The Romantic period, which lasted from 1780 to 1837, was a time of innovation and imagination, especially in the field of literature (hearts-ease.org). Not only was literature changing, but so was the whole world. There was a strong sense of nationalism, self-expression, questions were asked, and people were more concerned with beauty than logic. “The Lyrical Ballads” was the first romantic piece published, and paved the way for the Romantic Movement which left a lasting impact on literature, culture, and way of life.
After the joint effort of William Wordsworth and Samuel Coleridge in the creation of “The Lyrical Ballads,” Samuel Taylor Coleridge wrote “Rime of the Ancient Mariner” in the 1790s. Coleridge used his imagination to create brilliant imagery, supernatural beings, writing that was abstract rather than realistic, and themes of nature. All of these elements combined to create the most renowned poem during the Romantic Period.
Rime of the Ancient Mariner” is a creative poem due to it’s splendid use of imagery.
Imagery helps to make Coleridge’s poem romantic because it is a powerful tool that articulates a message in creative and descriptive detail. Imagery is often referred to as “the sensations that language creates in the mind”. According to dictionary.com, imagery is the use of vivid or figurative language to represent objects, actions, or ideas. One example of a quote from “Rime of the Ancient Mariner” that has imagery is the following. “The death-fires danced at night; the water, like a witch’s oils, burnt green, and blue and white.
” (5 of 20). This is imagery because the reader can visualize the death-fires, and comprehend what Coleridge was trying to show the reader. This is very imaginative, and would not occur in real life. Because of imagery, Coleridge was able to create a very romantic mood, which helped strengthen his poem.
Another way that Coleridge’s poem is romantic is through intense detail and language that makes the supernatural appear to be real, and combines it with the known world. All who read it question if these supernatural beings really do exist. One example of how Coleridge uses the supernatural element is in the following quotation. “Is that a DEATH? and are there two? Is DEATH that woman’s mate? Her lips were red, her looks were free, Her locks were yellow as gold: Her skin was as white as leprosy, the Night-mare LIFE-N-DEATH was she, Who thicks man’s blood with cold.” (7 of 20). This quote uses superb details and descriptive language that makes DEATH and LIFE-N-DEATH appear to be real. Coleridge uses his extraordinary imagination to create two supernatural beings that appear real and frightening. Because the Romantic period had much more artistic freedom than the periods before it, Coleridge was able to use supernatural beings as a major theme in his poem.
Lastly, “Rime of the Ancient Mariner” is romantic because it is abstract and uses the theme of nature to show that people must love all living things. Coleridge created this abstract atmosphere by using literary elements such as theme and symbol. One example of Coleridge’s use of symbolism is in the following quote from the poem. “At length did cross an Albatross, Through the fog it came; As if it had been a Christian soul, We hailed it in God’s name.” (3 of 20). Symbolism is, according to dictionary.com, the practice of representing things by means of symbols or of attributing symbolic meanings or significance to objects, events, or relationships. The use of symbolism in the above section is evident when Coleridge compares the Albatross to a Christian soul, such as Jesus. The Albatross therefore symbolizes a holy figure, such as Simon in Lord of the Flies. The language in which Coleridge describes the Albatross is also very abstract.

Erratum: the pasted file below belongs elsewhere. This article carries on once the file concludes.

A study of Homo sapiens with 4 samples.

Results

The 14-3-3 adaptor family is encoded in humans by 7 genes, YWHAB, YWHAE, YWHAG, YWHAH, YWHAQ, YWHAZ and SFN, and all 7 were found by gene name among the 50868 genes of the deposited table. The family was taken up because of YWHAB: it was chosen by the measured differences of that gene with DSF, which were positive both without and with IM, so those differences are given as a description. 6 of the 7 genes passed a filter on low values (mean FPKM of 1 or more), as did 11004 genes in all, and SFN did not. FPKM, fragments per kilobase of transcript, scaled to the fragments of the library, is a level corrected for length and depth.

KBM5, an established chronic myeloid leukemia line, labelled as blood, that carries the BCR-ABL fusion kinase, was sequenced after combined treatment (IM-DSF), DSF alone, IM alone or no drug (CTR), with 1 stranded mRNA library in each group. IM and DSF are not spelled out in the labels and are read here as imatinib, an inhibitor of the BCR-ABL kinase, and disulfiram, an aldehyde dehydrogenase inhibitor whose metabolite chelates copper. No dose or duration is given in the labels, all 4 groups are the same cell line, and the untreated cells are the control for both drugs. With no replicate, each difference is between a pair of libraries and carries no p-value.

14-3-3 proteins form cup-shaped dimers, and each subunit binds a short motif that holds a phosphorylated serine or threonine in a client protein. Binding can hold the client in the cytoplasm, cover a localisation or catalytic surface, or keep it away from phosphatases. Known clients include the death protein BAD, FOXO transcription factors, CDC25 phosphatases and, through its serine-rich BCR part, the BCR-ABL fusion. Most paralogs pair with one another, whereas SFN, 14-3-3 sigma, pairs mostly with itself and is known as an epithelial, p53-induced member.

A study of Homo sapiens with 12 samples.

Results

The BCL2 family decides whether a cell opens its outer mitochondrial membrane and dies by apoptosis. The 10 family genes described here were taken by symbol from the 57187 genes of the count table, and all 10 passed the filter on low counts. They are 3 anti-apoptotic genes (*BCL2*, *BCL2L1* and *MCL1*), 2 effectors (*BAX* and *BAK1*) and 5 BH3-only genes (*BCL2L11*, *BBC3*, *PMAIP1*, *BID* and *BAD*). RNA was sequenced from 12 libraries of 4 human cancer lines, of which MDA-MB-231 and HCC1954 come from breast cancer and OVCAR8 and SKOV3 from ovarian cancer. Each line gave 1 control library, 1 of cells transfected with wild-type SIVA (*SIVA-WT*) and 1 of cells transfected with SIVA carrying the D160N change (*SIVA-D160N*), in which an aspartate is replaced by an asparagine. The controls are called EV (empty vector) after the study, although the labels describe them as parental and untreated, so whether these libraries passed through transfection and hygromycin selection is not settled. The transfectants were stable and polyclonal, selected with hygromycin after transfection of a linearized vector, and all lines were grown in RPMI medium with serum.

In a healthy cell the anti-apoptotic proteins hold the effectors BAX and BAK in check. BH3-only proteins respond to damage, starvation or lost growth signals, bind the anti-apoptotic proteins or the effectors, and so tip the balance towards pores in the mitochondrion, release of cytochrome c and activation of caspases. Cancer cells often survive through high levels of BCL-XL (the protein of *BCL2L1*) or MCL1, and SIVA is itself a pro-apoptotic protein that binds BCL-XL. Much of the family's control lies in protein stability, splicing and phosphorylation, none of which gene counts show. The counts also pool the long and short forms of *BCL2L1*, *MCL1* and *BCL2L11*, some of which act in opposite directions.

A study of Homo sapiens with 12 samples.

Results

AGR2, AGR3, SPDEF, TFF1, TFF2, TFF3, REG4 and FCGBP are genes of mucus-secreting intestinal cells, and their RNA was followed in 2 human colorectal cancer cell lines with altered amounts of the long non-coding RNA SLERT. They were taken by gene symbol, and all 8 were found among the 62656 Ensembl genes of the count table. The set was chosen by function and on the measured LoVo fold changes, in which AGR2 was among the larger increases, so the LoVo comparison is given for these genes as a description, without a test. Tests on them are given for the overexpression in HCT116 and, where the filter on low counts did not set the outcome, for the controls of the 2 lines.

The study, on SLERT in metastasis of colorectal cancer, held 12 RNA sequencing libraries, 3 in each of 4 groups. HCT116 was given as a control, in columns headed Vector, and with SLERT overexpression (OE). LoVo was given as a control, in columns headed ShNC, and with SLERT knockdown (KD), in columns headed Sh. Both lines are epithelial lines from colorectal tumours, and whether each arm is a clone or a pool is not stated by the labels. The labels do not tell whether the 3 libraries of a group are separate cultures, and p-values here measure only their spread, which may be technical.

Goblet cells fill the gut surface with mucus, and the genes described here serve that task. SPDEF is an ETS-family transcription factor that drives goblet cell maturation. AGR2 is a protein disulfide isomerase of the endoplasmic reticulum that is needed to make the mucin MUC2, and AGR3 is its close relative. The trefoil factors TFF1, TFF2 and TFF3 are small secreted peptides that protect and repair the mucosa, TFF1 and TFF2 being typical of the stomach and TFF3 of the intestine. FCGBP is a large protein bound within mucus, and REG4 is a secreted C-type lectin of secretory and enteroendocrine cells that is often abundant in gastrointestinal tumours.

Rather than the ordinary way of saying “then came an Albatross,” Coleridge uses his sense of passion, and not reason to write this poem. He says “through the fog it came; As if it had been a Christian soul.” Coleridge also uses the literary element of theme by using nature to show that all beings should show “love and reverence to all things that God made and loveth.” (20 of 20). This theme is addressed when Coleridge says, “O happy living things! no tongue Their beauty might declare: A spring of love gushed from my heart, And I blessed them unaware: Sure my kind saint took pity on me, And I blessed them unaware.” (10 of 20). This quotation takes place when the Mariner sees water snakes and blesses them.
This is when the spell on the Mariner begins to break, because he has begun to appreciate nature, instead of destroying living things. In “Rime of the Ancient Mariner,” Coleridge’s use of language is very original and inventive. The reader can understand exactly what the Albatross represents, and how the Mariner felt about the snakes. Also, the Mariner’s emotions flooded the text, which made “Rime of the Ancient Mariner” a wonderful piece of poetry. By having an abstract sentiment, “Rime of the Ancient Mariner” was able to accomplish its goal in becoming a romantic piece.
In conclusion, “Rime of the Ancient Mariner” is a romantic poem because passion, not reason, ruled, and imagination was more important than logic. Coleridge was able to use his imagination to generate dazzling sentences filled with imagery, supernatural beings, and all of which included writing that was elusive as a replacement for the logical and mathematical wording. Due to the use of imagery, Coleridge expressed a message in creative and vivid detail. By using nature, Coleridge was able to teach the reader of the major theme in the story, to love all living things. Because of his imagination, Coleridge created an abstract story that people have come to respect for hundreds of years. Because of that, Coleridge became known as the father of the romantic period, and one of the greatest poets of that time period.